Dollarisation is Venezuela’s best hope
by Steve Hanke
Venezuela has at best a tenuous grip on the rule of law. This is nowhere more visible than in the monetary sphere. The country’s foreign exchange reserves are falling like a stone (see Chart 1). The bolivar has plunged 47% against the dollar since the start of the year (see Chart 2).
Venezuela’s worsening financial situation can be glimpsed in the government’s approaches to Wall Street. On 24 April, it secured a $1bn loan from Citibank, with 3,500 gold bars (worth $1.7bn) as collateral.
In line with the bolivar’s decline, inflation has soared to an estimated annual 335% (see Chart 3), the highest in the world. For those holding bolivars, it amounts to: ‘no rule of law, bad money.’ Facing this inflationary theft, Venezuelans have voted with their wallets. Indeed, they have begun to unofficially dollarise the economy. The only way to reestablish the rule of law in the monetary sphere is to take this development further and officially dollarise the economy by dumping the bolivar and replacing it with the dollar, following the pattern of Ecuador which swapped its sucres in 2000.
In general terms, the rule of law subjects the state to a fixed set of rules that limits the scope of its coercive powers. When properly applied, the rule of law guarantees freedoms in the economic, political, intellectual and moral spheres. In the economic sphere, money constitutes an important element.
The Austrian economist Ludwig von Mises dealt at length with this issue in The Theory of Money and Credit published in 1912: ‘It is impossible to grasp the meaning of the idea of sound money if one does not realise that it was devised as an instrument for the protection of civil liberties against despotic inroads on the part of governments.’
It is worth noting that currency debasement and inflation robbery were not always the order of the day in Caracas. During the decade of the 1950s, Venezuela’s average annual inflation rate was only 1.7%, not much above Switzerland’s. In the 1960s, inflation fell to a 1.2% average annual rate. It wasn’t until the 1980s that Venezuela experienced a decade of double-digit annual inflation. Today, inflation, contrary to the official numbers and amateur estimates, has soared well into triple-digit territory.
When inflation rates are elevated, standard economic theory and reliable empirical techniques allow us to produce accurate inflation estimates, using free market exchange rate data (usually from the black market) and the principle of purchasing power parity (PPP), which links changes in exchange rates and changes in prices. My estimate of a 335% inflation rate stems from black market exchange rates that The Johns Hopkins-Cato Institute Troubled Currencies Project has collected over the past year.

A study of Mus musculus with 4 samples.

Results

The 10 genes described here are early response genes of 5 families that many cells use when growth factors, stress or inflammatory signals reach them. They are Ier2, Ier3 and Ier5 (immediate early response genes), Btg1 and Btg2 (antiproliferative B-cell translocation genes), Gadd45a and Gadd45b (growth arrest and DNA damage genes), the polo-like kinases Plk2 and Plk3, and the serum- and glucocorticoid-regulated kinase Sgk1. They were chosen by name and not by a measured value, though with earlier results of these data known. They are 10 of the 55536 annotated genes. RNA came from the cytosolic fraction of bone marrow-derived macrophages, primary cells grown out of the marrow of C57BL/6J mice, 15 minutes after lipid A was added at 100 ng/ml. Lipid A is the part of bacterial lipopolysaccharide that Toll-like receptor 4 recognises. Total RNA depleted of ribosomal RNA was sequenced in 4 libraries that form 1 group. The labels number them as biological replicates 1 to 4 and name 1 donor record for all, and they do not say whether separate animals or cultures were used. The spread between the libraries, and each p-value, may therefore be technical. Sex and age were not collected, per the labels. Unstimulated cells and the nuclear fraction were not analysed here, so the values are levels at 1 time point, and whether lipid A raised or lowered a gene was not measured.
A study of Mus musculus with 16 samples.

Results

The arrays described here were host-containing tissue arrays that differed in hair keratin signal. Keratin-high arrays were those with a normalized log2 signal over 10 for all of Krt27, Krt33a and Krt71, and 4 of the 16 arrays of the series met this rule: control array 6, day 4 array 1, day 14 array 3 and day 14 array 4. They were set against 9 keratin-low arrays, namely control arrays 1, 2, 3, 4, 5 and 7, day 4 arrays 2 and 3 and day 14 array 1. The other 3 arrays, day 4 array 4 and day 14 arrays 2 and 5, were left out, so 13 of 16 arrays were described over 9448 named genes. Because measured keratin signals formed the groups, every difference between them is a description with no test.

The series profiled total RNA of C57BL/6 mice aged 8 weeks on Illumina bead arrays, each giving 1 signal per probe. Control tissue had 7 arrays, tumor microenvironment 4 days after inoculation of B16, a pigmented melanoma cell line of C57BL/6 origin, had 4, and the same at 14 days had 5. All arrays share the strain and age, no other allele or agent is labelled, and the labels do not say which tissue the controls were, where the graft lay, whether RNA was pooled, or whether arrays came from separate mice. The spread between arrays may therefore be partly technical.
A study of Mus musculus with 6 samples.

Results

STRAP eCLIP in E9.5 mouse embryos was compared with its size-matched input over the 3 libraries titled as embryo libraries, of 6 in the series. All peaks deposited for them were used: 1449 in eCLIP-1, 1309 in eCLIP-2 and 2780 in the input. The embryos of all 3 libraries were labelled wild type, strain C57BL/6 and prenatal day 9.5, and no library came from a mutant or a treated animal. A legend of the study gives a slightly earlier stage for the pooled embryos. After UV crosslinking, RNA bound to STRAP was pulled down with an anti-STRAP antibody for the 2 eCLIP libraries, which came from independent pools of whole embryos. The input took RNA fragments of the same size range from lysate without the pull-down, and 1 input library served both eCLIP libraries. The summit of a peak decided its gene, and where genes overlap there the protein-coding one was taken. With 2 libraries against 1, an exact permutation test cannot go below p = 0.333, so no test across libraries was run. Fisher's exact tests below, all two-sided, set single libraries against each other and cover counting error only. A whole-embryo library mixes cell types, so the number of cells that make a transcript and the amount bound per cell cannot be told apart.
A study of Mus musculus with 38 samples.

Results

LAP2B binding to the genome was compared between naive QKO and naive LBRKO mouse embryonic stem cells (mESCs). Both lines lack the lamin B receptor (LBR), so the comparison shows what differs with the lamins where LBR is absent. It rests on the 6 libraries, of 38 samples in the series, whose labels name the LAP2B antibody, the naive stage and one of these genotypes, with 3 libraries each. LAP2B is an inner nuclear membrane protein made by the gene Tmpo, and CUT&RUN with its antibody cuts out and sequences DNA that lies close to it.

Ecuador, where I served as the chief adviser to the finance minister during the dollarisation episode, offers some lessons. Ecuador represented a prime example of a country that was incapable of imposing the rule of law and safeguarding the value of the sucre. The Banco Central del Ecuador was established in 1927, with a sucre-dollar exchange rate of 5.
Until the 1980s, the central bank periodically devalued the currency. Then, devaluations became more frequent. By the end of 1998, the sucre traded at 6,825 per dollar. A year later, the rate was 20,243. During the first week of January 2000, it soared to 28,000.
The inability of the Ecuadorian government to abide by the rule of law was, in part, a consequence of traditions and moral beliefs. Ecuadorian politics have traditionally been dominated by elites who are uninhibited in their predatory and parochial demands on the state. Special interest legislation was the order of the day. For example, in 1999, laws were passed that allowed bankers to make loans to themselves. In addition, state guarantees for bank deposits were introduced. These proved to be a deadly cocktail, one that allowed for massive looting of the banking system’s deposit base.
With the rule of law (and the sucre) in shambles, President Jamil Mahuad announced on 9 January 2000 that Ecuador would abandon the sucre and officially dollarise the economy. The positive confidence shock was immediate. On January 11 – even before a dollarisation law had been enacted—the central bank lowered the rediscount rate from 200% a year to 20%.
But this newfound ray of hope was threatening to some, and on 21-22 January, a coup d’état ensued. While the Mahuad government was toppled, the coup was bungled. Gustavo Noboa, a former vice president, assumed the presidency and honoured Mahuad’s dollarisation pledge. Congress passed the so-called Ley Trolebus, containing the dollarisation provisions, which became law on 13 March. Ecuador became the world’s most populous dollarised country on 13 September.
The critics of dollarisation condemned it as something akin to voodoo economics, but have been proven wrong. The so-called misery index shows how well dollarisation has worked. The index is equal to the sum of the inflation rate (end of year), banks’ lending interest rates and unemployment rate, minus the actual percentage change in GDP per capita. A high index means higher misery.
In pre-2000 Ecuador the country sustained a misery index of over 120. After dollarisation, high inflation was stifled and misery drastically fell (see Chart 4). From 2003 to 2014, the misery index in Ecuador has been remarkably constant at around 20 – one of the lowest in Latin America. Dollarisation has allowed Ecuadorians to import a vital element of the rule of law – one that protects them from the grabbing hand of the state. That’s why recent polling results show that 85% of the population embrace dollarisation. It’s time for Venezuelans to take note and follow suit.
Steve Hanke is professor of Applied Economics at Johns Hopkins University.